Sure, everything’s bigger in Texas. Except, that is, jail sentences for casual stoners who get caught toking up.
Houston’s newly elected district attorney, Kim Ogg, is issuing the lightest sentence the statute allows for in cases for minor marijuana possession. Instead of being tossed behind bars, most pot smokers can pay $150 fine and take a four-hour-long class on decision-making. Plus, the incident is kept off their record.
Ogg, a Democrat, made the push for leniency the centerpiece of her 2016 campaign for district attorney. It was a bold gamble when running against a Republican incumbent in a red state known for being tough on crime, but Ogg managed to gain conservative votes by pledging to go after “violent criminals, burglars and white-collar thieves,” instead. She won by eight points.
Criminal justice reformers did not see Ogg’s win as new freedom to light up a joint, but as an electoral strategy that could offer a roadmap for changing drug policy in traditionally strict counties across the country. Theoretically, they don’t need to write new laws; they can vote out incumbents that read laws as mandates to incarcerate drug users.
The concept, of course, has its critics. Next door in Montgomery County, District Attorney Brett Ligon told the Houston Chronicle that Ogg was making Houston into a “sanctuary for dope smokers.”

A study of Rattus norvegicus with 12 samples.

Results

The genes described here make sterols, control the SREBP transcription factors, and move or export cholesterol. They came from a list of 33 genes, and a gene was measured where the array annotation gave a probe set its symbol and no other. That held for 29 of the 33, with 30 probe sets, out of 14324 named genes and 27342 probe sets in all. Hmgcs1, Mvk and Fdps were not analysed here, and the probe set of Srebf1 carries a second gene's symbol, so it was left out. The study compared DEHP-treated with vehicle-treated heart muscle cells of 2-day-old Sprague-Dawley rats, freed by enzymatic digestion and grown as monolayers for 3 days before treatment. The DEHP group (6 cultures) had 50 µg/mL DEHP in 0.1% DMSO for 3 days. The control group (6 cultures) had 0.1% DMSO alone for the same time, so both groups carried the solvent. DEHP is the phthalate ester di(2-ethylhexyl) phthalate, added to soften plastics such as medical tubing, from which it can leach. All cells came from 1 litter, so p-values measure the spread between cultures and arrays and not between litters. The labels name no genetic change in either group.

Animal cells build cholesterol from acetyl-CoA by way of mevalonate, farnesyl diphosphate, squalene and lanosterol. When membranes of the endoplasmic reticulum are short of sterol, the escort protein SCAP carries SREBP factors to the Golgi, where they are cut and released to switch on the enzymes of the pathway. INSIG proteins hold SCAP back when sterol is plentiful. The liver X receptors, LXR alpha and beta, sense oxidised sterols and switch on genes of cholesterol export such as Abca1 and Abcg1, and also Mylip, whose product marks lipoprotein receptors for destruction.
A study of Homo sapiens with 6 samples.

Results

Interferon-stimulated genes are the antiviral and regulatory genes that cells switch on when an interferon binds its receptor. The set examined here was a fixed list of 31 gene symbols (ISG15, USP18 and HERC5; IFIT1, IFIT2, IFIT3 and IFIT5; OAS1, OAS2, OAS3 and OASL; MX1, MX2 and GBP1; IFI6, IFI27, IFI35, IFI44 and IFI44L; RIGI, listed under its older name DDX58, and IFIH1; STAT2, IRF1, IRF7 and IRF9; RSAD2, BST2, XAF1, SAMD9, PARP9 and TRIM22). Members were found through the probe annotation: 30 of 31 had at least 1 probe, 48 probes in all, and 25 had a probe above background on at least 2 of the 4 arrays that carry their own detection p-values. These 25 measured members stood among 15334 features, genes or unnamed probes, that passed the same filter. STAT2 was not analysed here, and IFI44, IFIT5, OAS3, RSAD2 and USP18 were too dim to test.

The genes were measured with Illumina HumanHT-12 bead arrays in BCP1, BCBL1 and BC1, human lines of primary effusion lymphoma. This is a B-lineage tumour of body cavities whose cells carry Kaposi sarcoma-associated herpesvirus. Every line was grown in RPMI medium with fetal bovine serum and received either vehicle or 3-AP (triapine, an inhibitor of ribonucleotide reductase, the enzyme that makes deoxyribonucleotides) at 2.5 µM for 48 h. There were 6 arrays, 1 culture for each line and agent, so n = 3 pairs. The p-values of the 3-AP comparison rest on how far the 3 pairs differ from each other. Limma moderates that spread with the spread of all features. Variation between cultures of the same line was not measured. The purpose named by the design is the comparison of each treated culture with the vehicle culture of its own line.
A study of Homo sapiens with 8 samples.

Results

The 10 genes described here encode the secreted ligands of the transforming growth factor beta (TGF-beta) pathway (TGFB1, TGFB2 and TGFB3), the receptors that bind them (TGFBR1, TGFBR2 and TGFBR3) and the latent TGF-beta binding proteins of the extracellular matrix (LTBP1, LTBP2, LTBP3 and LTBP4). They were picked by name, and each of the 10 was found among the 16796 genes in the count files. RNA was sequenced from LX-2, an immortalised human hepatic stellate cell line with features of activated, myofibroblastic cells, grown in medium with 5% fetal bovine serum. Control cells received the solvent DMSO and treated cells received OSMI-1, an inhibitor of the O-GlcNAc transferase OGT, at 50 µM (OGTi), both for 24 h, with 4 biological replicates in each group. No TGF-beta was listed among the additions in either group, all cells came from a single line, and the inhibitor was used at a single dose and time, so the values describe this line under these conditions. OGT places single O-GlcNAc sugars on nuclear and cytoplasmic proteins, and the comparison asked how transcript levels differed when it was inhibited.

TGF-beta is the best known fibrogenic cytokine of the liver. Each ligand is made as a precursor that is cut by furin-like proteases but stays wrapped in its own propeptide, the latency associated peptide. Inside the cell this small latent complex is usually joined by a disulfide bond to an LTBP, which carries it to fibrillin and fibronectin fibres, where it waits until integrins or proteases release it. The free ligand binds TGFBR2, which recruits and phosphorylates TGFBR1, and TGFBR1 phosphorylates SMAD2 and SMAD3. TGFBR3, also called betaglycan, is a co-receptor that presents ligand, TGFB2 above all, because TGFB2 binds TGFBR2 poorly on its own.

Additionally, it’s unclear if any of the money typically spent misdemeanor marijuana prosecutions will be saved. Houston Mayor Sylvester Turner referred to the program as “cost efficient,” but several officials say that taxpayers likely won’t see a dime. Instead, resources will be spent on more dangerous threats to public safety.
“Harris County has spent more than $200 million in the past decade on more than 100,000 cases of misdemeanor marijuana possession,” Ogg said. “The endeavor has had no tangible public safety benefit.” Rather, the marijuana crackdown “has deprived neighborhoods of officers’ time that could be spent patrolling communities, jail beds that could be used for violent criminals, crime lab resources needed for DNA testing and judicial court time that could be spent bringing serious criminals to justice.”
Research shows that lenient drug policies such as this can result in lower recidivism rates. In Houston, it’s too early to tell. A person can retake the class repeatedly, so long as they are eligible. But prosecutors can also label someone a “serial offender” and argue to a judge for a stricter punishment.
For now, the district attorney’s office is riding (ahem) high. Since the program launched on March 1, almost 900 people have avoided jail time and law enforcement is focusing its attention on break-ins and violence assaults instead.